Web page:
A gene variant is a permanent change in the DNA sequence that makes up a gene. This type of genetic change used to be known as a gene mutation, but because changes in DNA do not always cause disease, it is thought that gene variant is a more accurate term. Variants can affect one or more DNA building blocks (nucleotides) in a gene.
Gene variants can be inherited from a parent or occur during a person’s lifetime:
- Inherited (or hereditary) variants are passed from parent to child and are present throughout a person’s life in virtually every cell in the body. These variants are also called germline variants because they are present in the parent’s egg or sperm cells, which are also called germ cells. When an egg and a sperm cell unite, the resulting fertilized egg cell contains DNA from both parents. Any variants that are present in that DNA will be present in the cells of the child that grows from the fertilized egg.
- Non-inherited variants occur at some time during a person’s life and are present only in certain cells, not in every cell in the body. Because non-inherited variants typically occur in somatic cells (cells other than sperm and egg cells), they are often referred to as somatic variants. These variants cannot be passed to the next generation. Non-inherited variants can be caused by environmental factors such as ultraviolet radiation from the sun or can occur if an error is made as DNA copies itself during cell division. ?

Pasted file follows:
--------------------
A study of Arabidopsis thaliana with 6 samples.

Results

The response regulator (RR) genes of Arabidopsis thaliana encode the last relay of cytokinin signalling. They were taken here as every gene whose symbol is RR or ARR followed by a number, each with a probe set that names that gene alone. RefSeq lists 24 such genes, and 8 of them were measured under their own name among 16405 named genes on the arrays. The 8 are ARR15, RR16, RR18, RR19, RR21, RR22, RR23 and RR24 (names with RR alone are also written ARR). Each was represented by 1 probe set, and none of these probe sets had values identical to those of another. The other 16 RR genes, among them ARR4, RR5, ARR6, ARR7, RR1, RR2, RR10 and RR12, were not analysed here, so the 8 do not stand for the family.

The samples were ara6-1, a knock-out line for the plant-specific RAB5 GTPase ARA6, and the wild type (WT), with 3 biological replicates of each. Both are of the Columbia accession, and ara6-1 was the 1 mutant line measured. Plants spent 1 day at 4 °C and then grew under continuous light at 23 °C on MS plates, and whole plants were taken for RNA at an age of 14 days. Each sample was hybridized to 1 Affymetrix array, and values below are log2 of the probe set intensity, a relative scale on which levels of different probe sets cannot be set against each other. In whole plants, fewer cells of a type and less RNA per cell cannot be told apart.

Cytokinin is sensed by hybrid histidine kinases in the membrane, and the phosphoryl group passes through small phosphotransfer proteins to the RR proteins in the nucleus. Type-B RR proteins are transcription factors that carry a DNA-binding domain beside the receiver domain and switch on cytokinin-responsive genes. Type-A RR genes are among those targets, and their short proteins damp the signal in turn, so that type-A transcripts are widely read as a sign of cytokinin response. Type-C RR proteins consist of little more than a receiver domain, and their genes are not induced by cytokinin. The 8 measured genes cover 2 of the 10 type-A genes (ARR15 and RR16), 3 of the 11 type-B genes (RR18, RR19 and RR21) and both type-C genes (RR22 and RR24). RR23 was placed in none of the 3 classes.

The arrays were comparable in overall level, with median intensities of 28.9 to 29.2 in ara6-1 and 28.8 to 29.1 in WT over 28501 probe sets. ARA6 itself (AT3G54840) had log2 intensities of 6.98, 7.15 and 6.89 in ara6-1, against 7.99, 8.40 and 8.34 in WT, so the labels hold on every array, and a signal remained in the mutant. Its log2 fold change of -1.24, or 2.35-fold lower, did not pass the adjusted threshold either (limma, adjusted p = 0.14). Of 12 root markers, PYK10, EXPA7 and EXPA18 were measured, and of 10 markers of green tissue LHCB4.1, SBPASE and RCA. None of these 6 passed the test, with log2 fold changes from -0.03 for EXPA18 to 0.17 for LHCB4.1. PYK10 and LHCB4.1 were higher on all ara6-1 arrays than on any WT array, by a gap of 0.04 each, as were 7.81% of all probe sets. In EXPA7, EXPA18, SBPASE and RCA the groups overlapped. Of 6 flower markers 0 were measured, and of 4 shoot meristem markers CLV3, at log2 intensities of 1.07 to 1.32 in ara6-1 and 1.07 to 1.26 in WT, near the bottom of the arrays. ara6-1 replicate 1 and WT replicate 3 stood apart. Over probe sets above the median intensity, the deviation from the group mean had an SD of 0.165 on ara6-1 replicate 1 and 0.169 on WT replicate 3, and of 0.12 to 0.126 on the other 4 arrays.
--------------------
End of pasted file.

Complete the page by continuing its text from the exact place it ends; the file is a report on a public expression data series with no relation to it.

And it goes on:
Some genetic changes are described as new (de novo) variants; these variants are recognized in a child but not in either parent. In some cases, the variant occurs in a parent’s egg or sperm cell but is not present in any of their other cells. In other cases, the variant occurs in the fertilized egg shortly after the egg and sperm cells unite. (It is often impossible to tell exactly when a de novo variant happened.) As the fertilized egg divides, each resulting cell in the growing embryo will have the variant. De novo variants are one explanation for genetic disorders in which an affected child has a variant in every cell in the body, but the parents do not, and there is no family history of the disorder.
Variants acquired during development can lead to a situation called mosaicism, in which a set of cells in the body has a different genetic makeup than others. In mosaicism, the genetic change is not present in a parent’s egg or sperm cells, or in the fertilized egg, but happens later, anytime from embryonic development through adulthood. As cells grow and divide, cells that arise from the cell with the altered gene will have the variant, while other cells will not. When a proportion of somatic cells have a gene variant and others do not, it is called somatic mosaicism. Depending on the variant and how many cells are affected, somatic mosaicism may or may not cause health problems. When a proportion of egg or sperm cells have a variant and others do not, it is called germline mosaicism. In this situation, an unaffected parent can pass a genetic condition to their child.
Most variants do not lead to development of disease, and those that do are uncommon in the general population. Some variants occur often enough in the population to be considered common genetic variation. Several such variants are responsible for differences between people such as eye color, hair color, and blood type. Although many of these common variations in the DNA have no negative effects on a person’s health, some may influence the risk of developing certain disorders.